The Committee discussed:  Regulation A+; secondary market trading for private securities; venture capital exchanges; and the accredited investor definition.  The presentation materials are available from the SEC website at

In the introductory remarks made by Commissioner Gallagher, he emphasized the importance of taking steps in order to promote liquidity in the market for private securities.  Gallagher noted that the SEC “can increase the ability of an investor to exit his or her investment in these markets and decrease the illiquidity discount of the investment, and [the SEC] can enhance oversight of and transparency into issuers, thereby promoting investor protection.  And that in turn will increase investors’ willingness to participate in the primary issuance of securities, which enhances capital formation for these small companies that are the lifeblood of our economy.”  Many companies are choosing to remain private longer and, as a result, raising capital in private offerings.  Although several platforms have developed that provide a venue for transacting in sales/resales of restricted securities, a number of impediments remain that hamper further growth.  AnneMarie Tierney of SecondMarket provided an overview of a number of the most significant issues (see:  A codification of the Section 4(a)(1-1/2) exemption certainly would address many of the issues.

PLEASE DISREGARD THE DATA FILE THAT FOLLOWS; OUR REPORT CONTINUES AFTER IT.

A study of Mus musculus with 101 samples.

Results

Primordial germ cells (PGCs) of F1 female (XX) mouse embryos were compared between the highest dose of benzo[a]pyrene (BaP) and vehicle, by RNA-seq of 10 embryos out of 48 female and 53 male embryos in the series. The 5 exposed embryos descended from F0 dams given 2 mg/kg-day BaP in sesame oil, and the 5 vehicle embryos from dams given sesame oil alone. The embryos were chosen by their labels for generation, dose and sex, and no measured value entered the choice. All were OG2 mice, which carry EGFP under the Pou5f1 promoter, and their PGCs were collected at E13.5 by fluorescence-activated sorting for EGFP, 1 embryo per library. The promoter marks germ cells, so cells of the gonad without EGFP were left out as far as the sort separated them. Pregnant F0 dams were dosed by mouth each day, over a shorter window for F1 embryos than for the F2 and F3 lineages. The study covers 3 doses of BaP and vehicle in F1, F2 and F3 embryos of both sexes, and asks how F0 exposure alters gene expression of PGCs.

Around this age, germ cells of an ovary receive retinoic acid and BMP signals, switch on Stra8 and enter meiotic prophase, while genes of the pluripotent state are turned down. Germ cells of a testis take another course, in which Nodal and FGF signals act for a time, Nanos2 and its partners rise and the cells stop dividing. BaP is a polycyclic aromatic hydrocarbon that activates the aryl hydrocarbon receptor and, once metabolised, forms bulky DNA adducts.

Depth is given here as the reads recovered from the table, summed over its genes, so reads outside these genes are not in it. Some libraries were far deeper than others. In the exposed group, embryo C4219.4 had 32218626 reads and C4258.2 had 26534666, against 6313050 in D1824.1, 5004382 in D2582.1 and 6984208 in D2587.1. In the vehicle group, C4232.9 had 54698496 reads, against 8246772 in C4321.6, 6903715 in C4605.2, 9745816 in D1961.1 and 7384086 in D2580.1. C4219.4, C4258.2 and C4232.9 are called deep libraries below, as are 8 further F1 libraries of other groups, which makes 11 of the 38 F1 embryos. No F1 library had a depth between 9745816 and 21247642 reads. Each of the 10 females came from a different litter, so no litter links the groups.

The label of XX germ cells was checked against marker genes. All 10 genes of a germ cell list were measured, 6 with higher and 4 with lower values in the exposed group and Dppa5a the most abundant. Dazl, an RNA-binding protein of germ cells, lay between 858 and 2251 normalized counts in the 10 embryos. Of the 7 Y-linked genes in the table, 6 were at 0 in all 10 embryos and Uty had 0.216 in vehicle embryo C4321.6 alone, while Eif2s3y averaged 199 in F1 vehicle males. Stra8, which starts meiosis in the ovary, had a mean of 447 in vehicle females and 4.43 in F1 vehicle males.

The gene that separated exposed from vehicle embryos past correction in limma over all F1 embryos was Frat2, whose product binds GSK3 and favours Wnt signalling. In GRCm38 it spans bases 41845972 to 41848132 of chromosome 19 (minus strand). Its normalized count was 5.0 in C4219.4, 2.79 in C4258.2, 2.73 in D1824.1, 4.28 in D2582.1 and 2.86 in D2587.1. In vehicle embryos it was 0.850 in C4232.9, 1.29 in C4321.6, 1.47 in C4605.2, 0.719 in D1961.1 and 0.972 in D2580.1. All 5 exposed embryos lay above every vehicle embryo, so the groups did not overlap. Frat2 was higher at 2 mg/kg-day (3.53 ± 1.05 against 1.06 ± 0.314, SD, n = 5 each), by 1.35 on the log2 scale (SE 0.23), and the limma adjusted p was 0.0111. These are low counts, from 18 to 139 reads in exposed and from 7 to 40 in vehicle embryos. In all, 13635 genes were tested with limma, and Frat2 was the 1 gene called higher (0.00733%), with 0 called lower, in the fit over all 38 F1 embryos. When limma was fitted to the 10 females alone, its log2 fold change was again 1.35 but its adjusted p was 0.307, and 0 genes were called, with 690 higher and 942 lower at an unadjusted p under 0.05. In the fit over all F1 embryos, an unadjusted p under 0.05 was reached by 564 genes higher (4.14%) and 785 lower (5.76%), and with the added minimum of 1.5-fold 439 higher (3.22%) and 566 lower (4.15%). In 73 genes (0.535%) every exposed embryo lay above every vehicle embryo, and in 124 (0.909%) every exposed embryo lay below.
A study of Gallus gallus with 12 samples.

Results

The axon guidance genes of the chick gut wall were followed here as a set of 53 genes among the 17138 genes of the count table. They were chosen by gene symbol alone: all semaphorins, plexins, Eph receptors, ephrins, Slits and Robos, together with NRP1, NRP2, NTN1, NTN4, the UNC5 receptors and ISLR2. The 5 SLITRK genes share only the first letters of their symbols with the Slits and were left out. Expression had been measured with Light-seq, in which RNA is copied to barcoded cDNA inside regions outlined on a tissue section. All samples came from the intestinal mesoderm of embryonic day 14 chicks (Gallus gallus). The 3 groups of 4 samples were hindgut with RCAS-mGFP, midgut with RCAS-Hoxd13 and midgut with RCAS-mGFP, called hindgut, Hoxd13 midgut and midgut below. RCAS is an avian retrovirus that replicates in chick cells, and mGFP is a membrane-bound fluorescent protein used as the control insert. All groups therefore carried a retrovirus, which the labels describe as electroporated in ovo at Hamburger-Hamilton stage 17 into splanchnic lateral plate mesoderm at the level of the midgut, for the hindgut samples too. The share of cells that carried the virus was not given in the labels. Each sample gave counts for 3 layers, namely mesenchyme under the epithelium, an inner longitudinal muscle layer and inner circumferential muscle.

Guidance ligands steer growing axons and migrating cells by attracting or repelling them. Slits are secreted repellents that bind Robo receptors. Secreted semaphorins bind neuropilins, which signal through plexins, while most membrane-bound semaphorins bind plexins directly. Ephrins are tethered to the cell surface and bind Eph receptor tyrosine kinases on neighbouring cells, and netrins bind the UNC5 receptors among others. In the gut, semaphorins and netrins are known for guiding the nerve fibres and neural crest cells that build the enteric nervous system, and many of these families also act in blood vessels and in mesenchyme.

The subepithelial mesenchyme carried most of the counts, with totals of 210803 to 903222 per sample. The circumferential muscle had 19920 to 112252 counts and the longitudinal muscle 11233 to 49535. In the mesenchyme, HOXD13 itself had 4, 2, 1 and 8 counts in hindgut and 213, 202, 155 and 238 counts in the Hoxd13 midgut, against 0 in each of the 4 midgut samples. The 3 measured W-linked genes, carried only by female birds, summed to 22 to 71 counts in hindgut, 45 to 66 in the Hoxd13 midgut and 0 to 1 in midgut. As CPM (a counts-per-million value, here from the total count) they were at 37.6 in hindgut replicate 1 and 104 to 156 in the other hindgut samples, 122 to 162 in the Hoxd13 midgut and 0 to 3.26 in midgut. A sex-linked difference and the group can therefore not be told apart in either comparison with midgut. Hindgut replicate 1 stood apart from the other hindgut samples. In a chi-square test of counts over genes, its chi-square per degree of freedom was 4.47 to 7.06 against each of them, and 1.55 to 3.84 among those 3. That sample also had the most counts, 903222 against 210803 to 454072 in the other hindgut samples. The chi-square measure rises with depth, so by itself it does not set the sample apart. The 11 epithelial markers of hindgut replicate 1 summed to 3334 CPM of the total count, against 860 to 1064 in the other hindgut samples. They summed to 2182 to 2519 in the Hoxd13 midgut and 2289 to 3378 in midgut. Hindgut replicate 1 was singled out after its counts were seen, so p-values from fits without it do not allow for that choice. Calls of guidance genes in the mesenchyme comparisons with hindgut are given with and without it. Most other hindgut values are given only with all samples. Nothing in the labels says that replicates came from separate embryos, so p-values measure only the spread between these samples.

Both Commissioner Gallagher and Commissioner Aguilar addressed the potential benefits associated with the development of venture exchanges.  Commissioner Aguilar suggested that a venture exchange that is limited to smaller cap companies may provide a secondary market.  However, he cautioned that prior experiences with venture exchanges were not successful and therefore any initiative should take into account the difficulties encountered by these exchanges.

The Committee considered and discussed the Regulation A+ proposed rule and heard from a NASAA representative regarding the multi-state coordinated review for Regulation A offerings.

Finally, the Committee considered the “accredited investor” definition and, essentially, recommended a “do no harm” approach, including avoiding changes that would have the effect of excluding retirement assets or otherwise limiting the investor universe.